Choosing the right hoist
When you need a hoist, remember to always tell us as much as you possibly can about your intended use of the hoist.
- What is the actual weight of the load you are lifting?
- How often you will be using the hoist?
- Describe the load.
- What is the height of lift?
- Will the hoist be fixed suspension or will it travel along a beam?
- Do you need single or two speeds?
- What controls - pendant or remote?
- What will be the power supply?
- What is the general environment?
- Are there any special requirements?
- Whatever you want, we will do it.
Make of Hoist
These days most European hoists are inherently safe, and operator friendly. They do not break down unless you abuse them. However, when you buy a hoist make sure that it is a well proven make with excellent local spares and service backup as a guarantee may be of little use to you if the spare parts are not readily available.
The Safe Working Load, or Working Load Limit, is the maximum load which can be safely lifted by the hoist. Tell us the actual load you are lifting and do not round it up yourself. Also tell us how often you will lift the load. We will then be able to propose the most appropriate hoist type to suit your needs.
Hoist duty ranges from light to very heavy and we are best able to advise on this after carefully considering all the other information you let us have.
Nature of the Load
Tell us as much as possible about the load, its size, shape and what it consists of.
Height of Lift
This is measured from the hoist hook in its lowest position (usually the floor) up to its highest position. If possible, tell us the exact height of lift required.
This is the distance between the hoist suspension point (top hook or runway beam bottom flange) and the load hook in its highest position. Some hoists are designed to be low/close headroom so that you can maximise the height of lift.
Speed of Lift
Some hoist applications only need single speed hoisting and travel but a two speed hoist (fast and slow) is essential where precise load positioning is required or where the load is such that it is safer to make the initial lift at a slow speed. Some manufacturers now offer variable speed hoists.
Hoists can be supplied with a top hook or eye for a fixed position suspension but if the hoist is to travel along a beam then the options are manual push/pull travel, or power travel. The cheapest option is push/pull travel, but this is not recommended over 1.5 tonnes and the trolley tends to travel in ‘jerks” of one or two feet at a time so accurate load positioning is difficult. Power travel is best because the hoist travels effortlessly with the simple push of a button and you can have either single speed or two speed operation.
Most hoists are supplied with a low voltage pendant control which is a push button box suspended from the hoist on a cable. The pendant can be any length to suit the job. Alternatively, the push button box can be wall mounted in a fixed position. Another option is remote control by either radio or infra-red. Radio control is the more versatile but bear in mind that the operator does not need to be in sight of the hoist to operate it so care should be taken to ensure that the handset is only used by responsible people and with great care. Infra-red requires line of sight between the handset and the sensor on the hoist and this can be a safety feature but the sensors on the hoist must be cleaned regularly otherwise they get dusty and will not function. All controls can be supplied with a key operated isolator switch for security and safety. We recommend that all remote-control hoists are supplied with a spare plug-in pendant as a backup just in case the remote control fails, often the handsets get lost, damaged or need charging.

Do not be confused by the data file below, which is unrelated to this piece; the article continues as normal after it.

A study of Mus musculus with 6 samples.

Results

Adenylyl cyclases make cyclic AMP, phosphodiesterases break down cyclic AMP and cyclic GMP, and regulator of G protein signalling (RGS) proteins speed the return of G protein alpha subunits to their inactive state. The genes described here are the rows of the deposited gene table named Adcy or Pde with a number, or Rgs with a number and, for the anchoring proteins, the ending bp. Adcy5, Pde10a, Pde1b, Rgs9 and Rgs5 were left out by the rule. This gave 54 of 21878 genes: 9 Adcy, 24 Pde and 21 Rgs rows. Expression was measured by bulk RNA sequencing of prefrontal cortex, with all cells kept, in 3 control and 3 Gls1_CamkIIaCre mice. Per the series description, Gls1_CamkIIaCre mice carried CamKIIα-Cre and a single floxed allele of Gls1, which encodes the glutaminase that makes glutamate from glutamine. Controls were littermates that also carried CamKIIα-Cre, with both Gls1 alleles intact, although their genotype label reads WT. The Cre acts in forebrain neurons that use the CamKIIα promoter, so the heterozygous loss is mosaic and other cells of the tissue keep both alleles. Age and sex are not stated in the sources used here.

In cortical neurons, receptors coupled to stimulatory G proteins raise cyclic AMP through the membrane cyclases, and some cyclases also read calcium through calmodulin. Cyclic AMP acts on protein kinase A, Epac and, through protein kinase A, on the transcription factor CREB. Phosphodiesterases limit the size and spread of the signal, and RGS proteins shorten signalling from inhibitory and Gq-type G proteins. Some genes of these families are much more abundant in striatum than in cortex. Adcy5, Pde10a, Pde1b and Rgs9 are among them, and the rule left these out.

Most hoists these days are fitted with overload protection preventing the hoist from lifting more than its safe working load. Slipping clutches are sometimes used for this purpose and they also prevent over hoisting and over lowering. Limit switches also prevent over hoisting and over lowering.
Indoor, warm, and dry or outdoor, cold, and wet?
Is the atmosphere hazardous requiring explosion or fire-resistant measures? Is there a lot of dust or other contaminants?
Most hoists are protected to IP55 (dust and water resistant) as standard which covers most normal environments, but you may wish to consider additional protection for hoists which are permanently outdoors. An outdoor hoist should also be fitted with a weather protection canopy.
Chain Hoists / Wire Rope Hoists
Chain hoists are cheaper and usually preferred up to 5 tonnes, they require less maintenance, tolerate more abuse, chain can last 30 times longer than wire rope, more allowance for side pulling, and they have a true vertical lift.
Wire rope hoists tend to be quieter, smoother, have faster lifting speeds and are generally preferred over 5 tonnes especially for long lifting heights and for heavy duty use. There are other pros and cons and we will advise on these according to your specific requirements.
Electric Power Supplies
In the UK it is normal to use 400volt 3 phase 50Hz power supplies, but some hoists are available for use with 110volt or 220volt single phase.
Pneumatic Power Supplies
Most pneumatic hoists operate on an air pressure of approx. 90psi or 6 bar, but it is important to realise that they need a reasonable volume of air supply to operate properly. Typically hoists up to 2 tonnes capacity consume air at approx. 22 litres/second.
Getting in touch
“Whatever your lifting application the chances are that LINIAN have done it before and forty years experience combined with a bang up to date understanding of modern engineering principles, materials and techniques guarantees the best and most cost effective hoisting solutions.”